Assumption 3 [of 4]:
Interconnected: Every individual and organization is a living system nested within larger systems and networks. We are interconnected and interdependent.
All together now. All together now. All together now. All together now….
No human, organization, community, corporation, nation, or region is an island unto itself. Everything we do has impact and consequences somewhere, whether that strengthens or weakens the larger systems of connection and support.
Most of us would say ‘of course’ to the statement above, but do we run our lives and our companies that way? Do we really look at the systemic impacts of our resource and material use, our waste disposal, the systemic costs of how we eat?
Can we make the leap to what I’m calling bio belonging--accepting that we belong to the planet/ the natural world, rather than it belonging to us as a resource to be used however we want? What are the implications for how we think of our systems and our responsibilities then? What does that mean for what leaders [and all of us] need to be literate in, as a matter of species survival [ours] vs. a political position on economic models?
Interconnectedness is an easy conversation topic but a tough real shift to make in our mental frameworks, worldviews and daily decisions and practices.
But, perhaps we can learn and practice together, taking advantage of our natural connections and thought contagion. As digital networks grow and connect more and more of us in the world around our interests, causes, concerns, and communities, we become more aware of the field of connection that pervades everything.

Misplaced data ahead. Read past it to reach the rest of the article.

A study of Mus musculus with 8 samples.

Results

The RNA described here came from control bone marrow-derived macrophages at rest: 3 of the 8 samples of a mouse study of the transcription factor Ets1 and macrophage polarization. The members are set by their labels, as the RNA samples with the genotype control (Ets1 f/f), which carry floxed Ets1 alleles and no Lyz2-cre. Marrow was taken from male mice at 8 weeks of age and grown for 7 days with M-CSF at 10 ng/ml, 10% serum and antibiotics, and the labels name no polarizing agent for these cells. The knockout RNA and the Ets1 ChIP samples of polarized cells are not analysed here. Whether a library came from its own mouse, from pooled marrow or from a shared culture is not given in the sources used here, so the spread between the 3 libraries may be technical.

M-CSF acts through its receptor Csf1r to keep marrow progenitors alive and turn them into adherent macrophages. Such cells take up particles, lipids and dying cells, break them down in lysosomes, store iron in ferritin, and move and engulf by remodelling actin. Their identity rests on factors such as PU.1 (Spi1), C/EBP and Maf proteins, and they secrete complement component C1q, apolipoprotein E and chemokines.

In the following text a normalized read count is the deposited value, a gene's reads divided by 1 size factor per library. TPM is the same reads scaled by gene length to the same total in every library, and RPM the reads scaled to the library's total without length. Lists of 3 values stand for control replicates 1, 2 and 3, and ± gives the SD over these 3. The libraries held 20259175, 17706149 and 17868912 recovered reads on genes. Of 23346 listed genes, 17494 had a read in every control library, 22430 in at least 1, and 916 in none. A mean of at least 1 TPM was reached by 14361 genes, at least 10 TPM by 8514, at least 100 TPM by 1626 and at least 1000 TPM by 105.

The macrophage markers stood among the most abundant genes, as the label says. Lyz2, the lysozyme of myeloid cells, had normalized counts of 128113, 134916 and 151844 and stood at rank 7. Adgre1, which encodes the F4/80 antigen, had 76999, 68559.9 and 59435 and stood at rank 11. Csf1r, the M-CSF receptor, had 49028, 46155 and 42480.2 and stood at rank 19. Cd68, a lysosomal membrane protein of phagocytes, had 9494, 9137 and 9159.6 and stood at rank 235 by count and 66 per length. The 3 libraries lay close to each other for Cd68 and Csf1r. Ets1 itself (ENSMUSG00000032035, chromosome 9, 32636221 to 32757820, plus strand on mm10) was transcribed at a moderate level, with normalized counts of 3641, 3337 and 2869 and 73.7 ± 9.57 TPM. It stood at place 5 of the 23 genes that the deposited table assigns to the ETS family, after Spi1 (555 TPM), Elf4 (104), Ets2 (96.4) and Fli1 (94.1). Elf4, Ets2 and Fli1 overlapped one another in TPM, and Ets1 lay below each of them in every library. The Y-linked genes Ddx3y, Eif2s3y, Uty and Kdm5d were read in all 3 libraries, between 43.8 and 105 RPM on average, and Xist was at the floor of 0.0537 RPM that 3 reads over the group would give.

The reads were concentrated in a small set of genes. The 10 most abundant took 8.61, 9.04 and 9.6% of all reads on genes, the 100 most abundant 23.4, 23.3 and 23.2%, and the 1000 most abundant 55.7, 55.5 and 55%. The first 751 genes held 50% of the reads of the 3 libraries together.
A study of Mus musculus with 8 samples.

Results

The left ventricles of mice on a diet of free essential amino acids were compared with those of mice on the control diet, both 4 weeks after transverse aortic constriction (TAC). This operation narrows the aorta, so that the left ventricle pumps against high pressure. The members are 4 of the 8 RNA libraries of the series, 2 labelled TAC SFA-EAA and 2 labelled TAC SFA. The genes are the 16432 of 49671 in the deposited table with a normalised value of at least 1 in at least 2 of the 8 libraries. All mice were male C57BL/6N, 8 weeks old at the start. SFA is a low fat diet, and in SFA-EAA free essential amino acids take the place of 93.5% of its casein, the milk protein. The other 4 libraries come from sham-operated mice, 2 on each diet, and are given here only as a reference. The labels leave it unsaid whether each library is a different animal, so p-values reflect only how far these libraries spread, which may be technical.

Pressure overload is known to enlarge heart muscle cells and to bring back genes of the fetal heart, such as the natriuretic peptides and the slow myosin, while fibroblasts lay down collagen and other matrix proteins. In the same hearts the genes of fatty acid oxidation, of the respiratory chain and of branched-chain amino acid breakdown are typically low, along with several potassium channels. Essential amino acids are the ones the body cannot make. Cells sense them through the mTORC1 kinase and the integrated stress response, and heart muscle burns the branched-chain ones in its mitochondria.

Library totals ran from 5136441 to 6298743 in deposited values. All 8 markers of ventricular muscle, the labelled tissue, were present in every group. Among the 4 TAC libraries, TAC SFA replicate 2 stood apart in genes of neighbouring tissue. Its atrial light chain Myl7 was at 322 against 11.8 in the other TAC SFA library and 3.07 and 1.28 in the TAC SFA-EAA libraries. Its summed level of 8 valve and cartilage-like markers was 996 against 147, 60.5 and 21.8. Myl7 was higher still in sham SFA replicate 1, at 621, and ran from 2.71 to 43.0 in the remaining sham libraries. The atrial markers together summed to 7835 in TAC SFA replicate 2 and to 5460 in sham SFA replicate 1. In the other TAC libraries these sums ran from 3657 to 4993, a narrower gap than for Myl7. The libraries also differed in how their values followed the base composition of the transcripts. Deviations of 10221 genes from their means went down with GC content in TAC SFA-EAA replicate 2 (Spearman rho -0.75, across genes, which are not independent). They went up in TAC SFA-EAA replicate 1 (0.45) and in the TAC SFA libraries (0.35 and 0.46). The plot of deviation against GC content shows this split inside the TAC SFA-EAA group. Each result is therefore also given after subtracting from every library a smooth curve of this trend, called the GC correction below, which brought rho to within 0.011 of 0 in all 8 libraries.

“…latest evidence from many disciplines—from neuroscience and biology to quantum physics—suggests that nature’s most basic drive is not competition, as classic evolutionary theory maintains, but wholeness….new research demonstrating that all living beings, have been hardwired to seek connection above virtually any other impulse—even at personal cost… ‘The individual’ is only the sum of an infinite number of inexactly defined parts, and the parts as we currently understand them are shifting and transforming at every moment…Nature’s most basic impulse is not a struggle for dominion but a constant and irrepressible drive for wholeness.” [Lynne McTaggert, The Bond]
We each have a sense of ourselves. Western cultural bias has us see ourselves as separate, individual beings who are distinct from others. This is reinforced by our five senses, trained to see physical boundaries of our bodies. Our education system rewards individual learning, individual performance, and individual responsibility. Our organizations typically reinforce competition by rewarding individuals with bonuses, raises, and promotions. Individuals are acknowledged in sports, even when it takes a team. And yet, we are learning that we are “wired” for connection, collaboration, and social groups in some surprising ways.